Tips for Parents

There are specific things you can do to help keep your own teens safe. Start by getting involved! Educate yourself on how the Internet works and keep tabs on your child’s computer use.


• Create a written Internet safety plan. Set rules for the Internet and email use. Include specific strategies for what your teen will do if they are sexually solicited online, or if they are frightened by an online encounter.
• Remind your teen not to disclose personal information online.
• Draft a list together of what not to share, including name, age, school, phone numbers, home address, and photos.
• Talk frequently with your teen. Discuss their online friends just as you would about their other friends.


• Keep the computer in a common area of the house. This makes it easier to monitor computer use.
• Ask your teen to tell you right away about uncomfortable online experiences, with assurances that you will not be angry if she or she confides in you.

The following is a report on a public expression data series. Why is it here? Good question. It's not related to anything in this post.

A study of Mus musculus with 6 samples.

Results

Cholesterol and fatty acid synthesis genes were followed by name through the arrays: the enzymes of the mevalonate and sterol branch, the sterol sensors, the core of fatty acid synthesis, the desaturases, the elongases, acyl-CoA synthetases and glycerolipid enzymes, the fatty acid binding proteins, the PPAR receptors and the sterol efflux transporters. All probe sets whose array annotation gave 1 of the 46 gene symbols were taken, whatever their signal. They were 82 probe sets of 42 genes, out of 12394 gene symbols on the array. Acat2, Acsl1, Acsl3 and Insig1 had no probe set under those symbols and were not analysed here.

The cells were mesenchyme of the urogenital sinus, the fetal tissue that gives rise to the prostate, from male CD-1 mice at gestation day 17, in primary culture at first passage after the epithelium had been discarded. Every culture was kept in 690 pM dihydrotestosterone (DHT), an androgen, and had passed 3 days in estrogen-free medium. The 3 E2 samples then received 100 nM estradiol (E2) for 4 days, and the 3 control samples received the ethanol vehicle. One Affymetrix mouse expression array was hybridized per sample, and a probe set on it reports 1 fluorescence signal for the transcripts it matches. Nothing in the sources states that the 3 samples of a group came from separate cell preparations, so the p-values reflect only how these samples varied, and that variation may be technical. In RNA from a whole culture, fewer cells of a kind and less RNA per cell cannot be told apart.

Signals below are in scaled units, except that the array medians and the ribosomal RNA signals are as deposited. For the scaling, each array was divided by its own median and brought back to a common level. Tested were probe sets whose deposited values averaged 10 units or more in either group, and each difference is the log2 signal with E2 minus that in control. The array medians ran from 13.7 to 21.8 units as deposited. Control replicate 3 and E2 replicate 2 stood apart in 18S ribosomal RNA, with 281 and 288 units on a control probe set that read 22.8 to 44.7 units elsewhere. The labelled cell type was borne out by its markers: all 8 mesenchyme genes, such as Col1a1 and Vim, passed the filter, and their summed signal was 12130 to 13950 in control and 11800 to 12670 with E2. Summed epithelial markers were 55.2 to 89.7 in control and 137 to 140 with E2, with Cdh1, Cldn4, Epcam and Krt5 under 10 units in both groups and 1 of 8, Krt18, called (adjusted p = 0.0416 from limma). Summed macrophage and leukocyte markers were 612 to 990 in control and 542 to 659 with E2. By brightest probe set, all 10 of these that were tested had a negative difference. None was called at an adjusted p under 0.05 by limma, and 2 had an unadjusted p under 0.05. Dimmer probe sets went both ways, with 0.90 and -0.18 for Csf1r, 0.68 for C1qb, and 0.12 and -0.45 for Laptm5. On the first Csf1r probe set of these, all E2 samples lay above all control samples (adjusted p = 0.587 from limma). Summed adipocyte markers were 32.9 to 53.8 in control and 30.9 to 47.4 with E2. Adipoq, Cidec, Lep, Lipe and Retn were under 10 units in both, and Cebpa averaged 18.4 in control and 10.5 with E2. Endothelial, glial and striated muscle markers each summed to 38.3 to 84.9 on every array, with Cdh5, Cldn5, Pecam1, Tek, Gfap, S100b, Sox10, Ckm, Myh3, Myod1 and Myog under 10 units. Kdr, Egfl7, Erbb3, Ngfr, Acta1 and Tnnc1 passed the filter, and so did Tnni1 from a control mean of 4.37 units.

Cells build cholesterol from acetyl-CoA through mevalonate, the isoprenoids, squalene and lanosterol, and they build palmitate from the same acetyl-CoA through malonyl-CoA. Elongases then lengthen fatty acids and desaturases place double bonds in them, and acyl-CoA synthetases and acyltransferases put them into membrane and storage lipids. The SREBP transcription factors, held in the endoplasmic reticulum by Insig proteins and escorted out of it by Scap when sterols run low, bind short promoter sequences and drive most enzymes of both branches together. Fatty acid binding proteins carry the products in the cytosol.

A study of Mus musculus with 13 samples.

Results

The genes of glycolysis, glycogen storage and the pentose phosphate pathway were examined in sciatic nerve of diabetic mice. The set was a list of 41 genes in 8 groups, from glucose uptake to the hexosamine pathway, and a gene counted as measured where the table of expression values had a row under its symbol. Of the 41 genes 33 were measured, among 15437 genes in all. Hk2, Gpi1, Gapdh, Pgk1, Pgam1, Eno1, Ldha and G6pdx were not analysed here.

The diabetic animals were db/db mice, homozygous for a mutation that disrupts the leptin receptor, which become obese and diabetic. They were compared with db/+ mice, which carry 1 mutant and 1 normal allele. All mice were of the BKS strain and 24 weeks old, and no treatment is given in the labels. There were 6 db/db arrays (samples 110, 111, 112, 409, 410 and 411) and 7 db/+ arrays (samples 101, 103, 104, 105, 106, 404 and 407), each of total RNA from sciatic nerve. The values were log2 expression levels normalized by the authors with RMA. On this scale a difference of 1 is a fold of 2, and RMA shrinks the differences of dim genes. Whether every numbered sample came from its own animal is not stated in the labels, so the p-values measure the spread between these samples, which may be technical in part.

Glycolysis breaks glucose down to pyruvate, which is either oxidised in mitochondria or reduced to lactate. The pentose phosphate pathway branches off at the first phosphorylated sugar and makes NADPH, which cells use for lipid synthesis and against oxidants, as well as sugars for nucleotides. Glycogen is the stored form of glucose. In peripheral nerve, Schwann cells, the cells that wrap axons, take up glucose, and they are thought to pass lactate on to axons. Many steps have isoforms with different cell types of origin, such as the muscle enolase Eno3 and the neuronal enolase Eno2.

• Consider filtering or monitoring software. While they can help you control your teen’s online use, these devices are no substitute for parental involvement and supervision.
• Be aware your teen might be using computers at school, public libraries, and friends’ homes.


• Know the signs of “grooming.” When someone initiates online contact with a young person with the intention of establishing a sexual relationship, its called “grooming.”
• If you suspect online “grooming” of your teen or of any other child, report it to your local law enforcement agency.
The Internet can be a great research tool and a fun way to keep in touch with friends and family. But going online also presents some possible dangers that you need to know about. Here are some ways you can steer clear of trouble while using the web.
• Nothing is private
• Be smart
• Knowing when to tell an adult about an uncomfortable internet interaction.